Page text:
As Google CEO Sundar Pichai was being grilled by the US Congress' lawmakers over a hearing titled 'Transparency & Accountability: Examining Google and its Data Collection, Use, and Filtering Practices', a man with a white moustache grabbed the limelight. As photos and videos of the mystery man went viral, Twitterati dubbed him 'Monopoly Man' for his resemblance to the fictional character, Rich Uncle Pennybags, the mascot of the game Monopoly.
The 'Monopoly Man' who sat behind Pichai at the hearing before the House Judiciary Committee at Capitol Hill is activist Ian Madrigal. He describes himself as 'lawyer, activist and professional troublemaker'. The 'Monopoly Man' first made his debut at the Equifax data breach hearing last year where he was sitting directly behind then-Equifax CEO Richard Smith. And Twitter couldn't be more happy on seeing him in similar avatar sitting behind Pichai. I Was Born in the Same State as You in India: Congresswoman Jayapal Tells Google CEO.
Madrigal, who uses gender-neutral pronouns reportedly said that their presence as Rich Uncle Pennybags is to garner attention to Google's lobbying efforts and to showcase its access to consumer data. Pichai was also questioned why the Google search result for 'Idiot' shows US President Donald Trump.
Check out what Twitterati has to say:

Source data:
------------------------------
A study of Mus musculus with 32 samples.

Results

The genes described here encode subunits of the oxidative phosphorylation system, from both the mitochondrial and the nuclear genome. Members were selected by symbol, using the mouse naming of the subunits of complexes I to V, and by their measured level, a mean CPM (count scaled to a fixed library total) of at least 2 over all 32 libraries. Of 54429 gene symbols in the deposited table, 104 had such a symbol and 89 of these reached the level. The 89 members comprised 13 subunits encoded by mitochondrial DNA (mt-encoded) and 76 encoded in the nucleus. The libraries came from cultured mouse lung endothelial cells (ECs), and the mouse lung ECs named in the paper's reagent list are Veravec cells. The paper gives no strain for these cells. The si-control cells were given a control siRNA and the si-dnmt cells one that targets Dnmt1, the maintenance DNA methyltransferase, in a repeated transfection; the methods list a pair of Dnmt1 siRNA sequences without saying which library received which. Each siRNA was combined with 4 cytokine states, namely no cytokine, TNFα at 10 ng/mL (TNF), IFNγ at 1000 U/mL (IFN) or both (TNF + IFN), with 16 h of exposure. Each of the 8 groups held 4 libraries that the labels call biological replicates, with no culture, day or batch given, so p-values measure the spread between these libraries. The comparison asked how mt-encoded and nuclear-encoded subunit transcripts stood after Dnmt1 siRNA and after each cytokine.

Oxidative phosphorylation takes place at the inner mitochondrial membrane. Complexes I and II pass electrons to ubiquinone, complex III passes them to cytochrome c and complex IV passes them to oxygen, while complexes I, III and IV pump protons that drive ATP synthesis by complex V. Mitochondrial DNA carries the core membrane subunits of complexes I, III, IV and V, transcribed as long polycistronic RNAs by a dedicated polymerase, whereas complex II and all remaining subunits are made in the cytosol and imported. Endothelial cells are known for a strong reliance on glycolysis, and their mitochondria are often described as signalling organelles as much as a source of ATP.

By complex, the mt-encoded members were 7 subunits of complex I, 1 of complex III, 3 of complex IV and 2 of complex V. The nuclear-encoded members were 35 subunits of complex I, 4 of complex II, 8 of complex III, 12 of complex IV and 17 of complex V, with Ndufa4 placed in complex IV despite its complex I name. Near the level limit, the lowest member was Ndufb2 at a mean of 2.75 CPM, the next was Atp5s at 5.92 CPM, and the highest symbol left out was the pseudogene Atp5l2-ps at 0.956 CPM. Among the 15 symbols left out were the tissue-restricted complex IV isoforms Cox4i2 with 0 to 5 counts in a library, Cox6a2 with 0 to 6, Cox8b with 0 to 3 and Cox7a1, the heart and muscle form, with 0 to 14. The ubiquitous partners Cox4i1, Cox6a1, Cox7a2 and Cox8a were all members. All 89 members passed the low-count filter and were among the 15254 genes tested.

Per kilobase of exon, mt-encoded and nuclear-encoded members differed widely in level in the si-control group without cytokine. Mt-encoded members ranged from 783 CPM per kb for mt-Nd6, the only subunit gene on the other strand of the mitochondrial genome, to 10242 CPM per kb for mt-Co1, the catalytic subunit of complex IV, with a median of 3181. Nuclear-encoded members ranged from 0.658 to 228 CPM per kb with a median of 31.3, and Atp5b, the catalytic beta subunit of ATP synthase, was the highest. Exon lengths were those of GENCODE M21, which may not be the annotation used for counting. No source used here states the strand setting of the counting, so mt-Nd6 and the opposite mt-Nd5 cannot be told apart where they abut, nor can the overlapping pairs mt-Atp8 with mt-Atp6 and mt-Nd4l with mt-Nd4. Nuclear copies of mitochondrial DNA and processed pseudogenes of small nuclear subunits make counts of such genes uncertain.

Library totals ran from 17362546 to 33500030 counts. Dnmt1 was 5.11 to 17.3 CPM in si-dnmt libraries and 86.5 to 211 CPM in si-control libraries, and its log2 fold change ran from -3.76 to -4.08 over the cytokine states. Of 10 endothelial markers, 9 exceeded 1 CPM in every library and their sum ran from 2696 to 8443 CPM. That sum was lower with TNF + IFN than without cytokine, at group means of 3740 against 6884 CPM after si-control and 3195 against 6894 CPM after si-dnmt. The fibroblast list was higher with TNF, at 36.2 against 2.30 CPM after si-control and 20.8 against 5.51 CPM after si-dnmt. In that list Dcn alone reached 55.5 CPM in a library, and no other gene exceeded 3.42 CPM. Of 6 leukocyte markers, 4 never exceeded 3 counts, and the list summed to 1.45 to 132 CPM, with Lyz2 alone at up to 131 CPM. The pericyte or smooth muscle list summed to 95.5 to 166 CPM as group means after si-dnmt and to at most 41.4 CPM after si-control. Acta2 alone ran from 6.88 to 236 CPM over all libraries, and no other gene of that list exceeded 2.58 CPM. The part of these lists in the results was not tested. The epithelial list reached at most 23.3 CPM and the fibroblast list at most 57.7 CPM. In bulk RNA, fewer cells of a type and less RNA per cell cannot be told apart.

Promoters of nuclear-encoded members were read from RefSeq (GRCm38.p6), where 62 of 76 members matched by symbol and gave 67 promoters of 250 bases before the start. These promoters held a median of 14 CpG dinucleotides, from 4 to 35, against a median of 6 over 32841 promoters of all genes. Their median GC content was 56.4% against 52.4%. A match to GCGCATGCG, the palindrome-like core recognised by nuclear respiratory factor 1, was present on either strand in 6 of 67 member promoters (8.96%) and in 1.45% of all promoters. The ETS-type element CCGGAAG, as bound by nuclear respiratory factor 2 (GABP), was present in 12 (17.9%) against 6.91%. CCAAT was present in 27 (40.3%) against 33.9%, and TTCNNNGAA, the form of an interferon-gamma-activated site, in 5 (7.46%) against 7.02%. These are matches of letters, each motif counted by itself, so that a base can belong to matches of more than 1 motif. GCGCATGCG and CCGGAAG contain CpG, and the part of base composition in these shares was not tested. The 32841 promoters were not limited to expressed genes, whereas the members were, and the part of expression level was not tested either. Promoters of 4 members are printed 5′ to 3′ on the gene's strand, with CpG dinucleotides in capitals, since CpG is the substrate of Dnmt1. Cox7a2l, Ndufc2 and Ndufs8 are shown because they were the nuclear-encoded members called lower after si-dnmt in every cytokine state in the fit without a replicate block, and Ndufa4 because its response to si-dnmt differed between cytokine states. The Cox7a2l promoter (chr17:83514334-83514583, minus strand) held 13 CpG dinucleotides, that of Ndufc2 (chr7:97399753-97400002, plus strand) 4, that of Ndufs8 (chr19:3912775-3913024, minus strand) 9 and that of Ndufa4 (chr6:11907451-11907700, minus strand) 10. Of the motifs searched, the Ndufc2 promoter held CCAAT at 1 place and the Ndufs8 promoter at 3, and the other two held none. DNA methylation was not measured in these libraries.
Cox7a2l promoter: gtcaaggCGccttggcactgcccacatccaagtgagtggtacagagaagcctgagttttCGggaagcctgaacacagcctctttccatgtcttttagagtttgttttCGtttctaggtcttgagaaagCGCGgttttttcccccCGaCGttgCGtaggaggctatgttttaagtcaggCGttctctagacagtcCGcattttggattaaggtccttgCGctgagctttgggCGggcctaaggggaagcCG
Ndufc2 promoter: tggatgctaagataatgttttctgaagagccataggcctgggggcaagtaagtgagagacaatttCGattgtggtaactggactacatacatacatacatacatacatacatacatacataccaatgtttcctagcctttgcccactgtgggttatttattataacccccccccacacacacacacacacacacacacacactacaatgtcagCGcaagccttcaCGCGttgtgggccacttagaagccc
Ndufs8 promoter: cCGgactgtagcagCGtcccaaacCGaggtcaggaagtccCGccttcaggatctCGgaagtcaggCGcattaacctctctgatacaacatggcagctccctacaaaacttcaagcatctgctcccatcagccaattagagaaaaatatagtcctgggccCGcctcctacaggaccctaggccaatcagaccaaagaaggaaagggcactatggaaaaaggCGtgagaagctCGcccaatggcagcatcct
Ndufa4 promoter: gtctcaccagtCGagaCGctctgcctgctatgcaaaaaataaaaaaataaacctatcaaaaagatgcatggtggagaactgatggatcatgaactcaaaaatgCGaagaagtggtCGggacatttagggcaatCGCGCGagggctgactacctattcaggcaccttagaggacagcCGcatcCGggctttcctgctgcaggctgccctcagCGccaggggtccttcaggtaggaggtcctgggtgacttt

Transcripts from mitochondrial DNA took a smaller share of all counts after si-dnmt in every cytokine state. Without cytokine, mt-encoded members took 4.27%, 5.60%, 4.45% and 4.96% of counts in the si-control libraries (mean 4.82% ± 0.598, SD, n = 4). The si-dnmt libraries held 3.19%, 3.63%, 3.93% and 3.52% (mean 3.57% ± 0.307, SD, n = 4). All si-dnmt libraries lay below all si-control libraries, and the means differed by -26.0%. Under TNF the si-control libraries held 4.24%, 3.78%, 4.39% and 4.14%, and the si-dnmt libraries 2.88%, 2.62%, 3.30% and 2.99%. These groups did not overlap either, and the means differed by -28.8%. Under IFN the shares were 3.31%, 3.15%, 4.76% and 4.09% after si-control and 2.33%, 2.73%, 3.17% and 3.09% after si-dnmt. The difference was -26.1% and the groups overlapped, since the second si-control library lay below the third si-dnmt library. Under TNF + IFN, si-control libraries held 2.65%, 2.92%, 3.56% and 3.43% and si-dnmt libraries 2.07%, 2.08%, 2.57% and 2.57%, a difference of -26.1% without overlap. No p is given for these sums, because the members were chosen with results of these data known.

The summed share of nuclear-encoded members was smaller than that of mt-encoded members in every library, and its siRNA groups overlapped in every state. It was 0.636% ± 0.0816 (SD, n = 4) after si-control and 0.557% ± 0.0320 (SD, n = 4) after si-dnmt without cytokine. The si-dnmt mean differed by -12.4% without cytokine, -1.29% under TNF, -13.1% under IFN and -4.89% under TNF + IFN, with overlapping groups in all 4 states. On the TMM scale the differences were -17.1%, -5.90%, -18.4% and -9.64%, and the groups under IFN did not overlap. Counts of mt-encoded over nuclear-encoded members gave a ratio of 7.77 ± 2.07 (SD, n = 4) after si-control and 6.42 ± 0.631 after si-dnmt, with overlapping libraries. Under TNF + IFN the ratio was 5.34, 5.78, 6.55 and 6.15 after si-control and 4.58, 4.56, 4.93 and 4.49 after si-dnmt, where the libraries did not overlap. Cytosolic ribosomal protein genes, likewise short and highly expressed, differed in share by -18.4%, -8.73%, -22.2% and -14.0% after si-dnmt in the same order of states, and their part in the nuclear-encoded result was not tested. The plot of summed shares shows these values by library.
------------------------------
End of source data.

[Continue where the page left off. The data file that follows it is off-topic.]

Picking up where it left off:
— Curly Hilton (@CurlyHilton) December 11, 2018
He truly knows how to garner attention
— Tyler J. Hora (@irun5k) December 11, 2018
A billion dollar expression
— Margaret Lozano (@margaretlozano) December 11, 2018
That escalated quite quickly!
— Matt Arnold (@mattarnoldxvii) December 11, 2018
When dollars do the talking
— Molly Jong-Fast (@MollyJongFast) December 11, 2018
Madrigal was quoted as saying, "Google spent $18 million lobbying politicians in 2017 — more than any other company. In return, Congress has abandoned its oversight role and allowed Google to wield monopoly power over every person who uses the internet. We have no say in how Google uses even our most personal data, and the only way to opt out is to boycott the internet itself. We can't rely on tech giants to self-regulate. It is past time for Congress to step in and do its job."
Both Democrat and Republican House Representatives questioned Pichai on various Google's practices including their privacy, potential bias in filtering, transparency and the company's controversial and secretive censored search engine project in China called 'Dragonfly'.